In Massachusetts, all criminal defendants have an automatic right to a jury trial.  Civil litigants, however, must expressly demand the presence of a jury at trial.

Criminal Jury Trials

The Massachusetts Constitution provides that

[T]he legislature shall not make any law that shall subject any person to a capital or infamous punishment…without trial by jury.

Constitution of Massachusetts, Part 1, Article 12.

A criminal defendant can waive his right to a jury trial pursuant to Rule 19(a) of the Massachusetts Rules of Criminal Procedure:

A case in which the defendant has the right to be tried by a jury shall be so tried unless the defendant waives a jury trial in writing with the approval of the court and files the waiver with the clerk, in which instance he shall be tried by the court instead of a jury.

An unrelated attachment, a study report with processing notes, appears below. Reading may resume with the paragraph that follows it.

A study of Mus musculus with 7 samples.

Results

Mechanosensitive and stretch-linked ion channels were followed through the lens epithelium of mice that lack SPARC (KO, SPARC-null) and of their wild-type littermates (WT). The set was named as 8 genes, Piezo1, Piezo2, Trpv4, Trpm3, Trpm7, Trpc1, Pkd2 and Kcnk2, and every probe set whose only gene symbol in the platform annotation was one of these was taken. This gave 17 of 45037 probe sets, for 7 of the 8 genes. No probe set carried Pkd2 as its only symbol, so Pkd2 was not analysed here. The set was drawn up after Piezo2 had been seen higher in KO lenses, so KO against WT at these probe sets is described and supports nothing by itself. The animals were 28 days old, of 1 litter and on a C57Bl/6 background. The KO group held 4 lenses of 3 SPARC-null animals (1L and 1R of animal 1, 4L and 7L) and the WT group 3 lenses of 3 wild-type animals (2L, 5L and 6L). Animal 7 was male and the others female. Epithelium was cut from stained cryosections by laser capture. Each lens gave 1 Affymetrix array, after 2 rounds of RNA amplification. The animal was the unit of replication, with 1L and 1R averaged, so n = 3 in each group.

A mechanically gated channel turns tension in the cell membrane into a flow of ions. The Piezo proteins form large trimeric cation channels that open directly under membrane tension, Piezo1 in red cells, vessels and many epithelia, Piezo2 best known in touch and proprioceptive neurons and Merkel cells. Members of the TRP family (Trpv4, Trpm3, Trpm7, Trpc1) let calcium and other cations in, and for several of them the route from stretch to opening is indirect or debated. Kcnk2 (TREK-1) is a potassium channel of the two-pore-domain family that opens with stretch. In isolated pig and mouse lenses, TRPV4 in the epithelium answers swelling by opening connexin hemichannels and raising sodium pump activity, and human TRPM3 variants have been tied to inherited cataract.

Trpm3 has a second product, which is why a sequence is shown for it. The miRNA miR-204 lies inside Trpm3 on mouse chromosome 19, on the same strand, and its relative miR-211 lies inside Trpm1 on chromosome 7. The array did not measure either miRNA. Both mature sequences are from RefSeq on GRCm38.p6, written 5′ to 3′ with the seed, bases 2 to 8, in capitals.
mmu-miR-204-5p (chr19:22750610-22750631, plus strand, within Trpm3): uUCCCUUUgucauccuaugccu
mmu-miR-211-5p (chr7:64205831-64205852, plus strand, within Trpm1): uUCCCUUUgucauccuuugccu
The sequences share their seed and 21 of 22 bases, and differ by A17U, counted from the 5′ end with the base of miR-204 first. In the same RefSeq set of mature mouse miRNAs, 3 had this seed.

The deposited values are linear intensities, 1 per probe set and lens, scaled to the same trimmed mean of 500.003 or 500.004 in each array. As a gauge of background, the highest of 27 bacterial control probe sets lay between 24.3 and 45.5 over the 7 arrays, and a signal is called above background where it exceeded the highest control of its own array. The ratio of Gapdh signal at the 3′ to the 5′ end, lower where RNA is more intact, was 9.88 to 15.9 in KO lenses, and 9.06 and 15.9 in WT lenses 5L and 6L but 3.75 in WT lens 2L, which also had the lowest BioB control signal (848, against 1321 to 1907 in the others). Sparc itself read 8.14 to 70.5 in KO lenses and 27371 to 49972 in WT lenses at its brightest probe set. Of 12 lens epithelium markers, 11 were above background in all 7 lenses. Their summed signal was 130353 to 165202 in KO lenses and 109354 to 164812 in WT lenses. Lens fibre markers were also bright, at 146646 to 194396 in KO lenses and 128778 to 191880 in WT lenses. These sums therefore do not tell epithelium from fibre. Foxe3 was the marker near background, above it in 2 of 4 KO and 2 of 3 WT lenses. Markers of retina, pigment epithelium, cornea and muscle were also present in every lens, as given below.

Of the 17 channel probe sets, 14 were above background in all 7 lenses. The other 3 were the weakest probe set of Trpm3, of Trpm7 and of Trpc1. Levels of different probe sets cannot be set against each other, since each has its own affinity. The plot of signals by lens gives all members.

To be “tried by the court” means to have a bench trial where the judge takes the place of the jury.

Civil Jury Trials

There is no automatic “right” to a civil trial by jury.  Instead litigants in a civil case must demand a jury trial at some point during the pretrial proceedings.

According to M.G.L. c. 218, § 19B,

Any party may demand a trial by jury of 6 of any issue triable of right by a jury by serving upon the other parties a demand therefor in writing after the commencement of the action. The demand may be endorsed upon a pleading of the demanding party. The failure of a party to serve and file a demand for jury trial shall constitute a waiver by that party of trial by jury.

Rule 38(b) of the Massachusetts Rules of Civil Procedure adds that the demand for a jury trial must be

not later than 10 days after the service of the last pleading direct to such issue.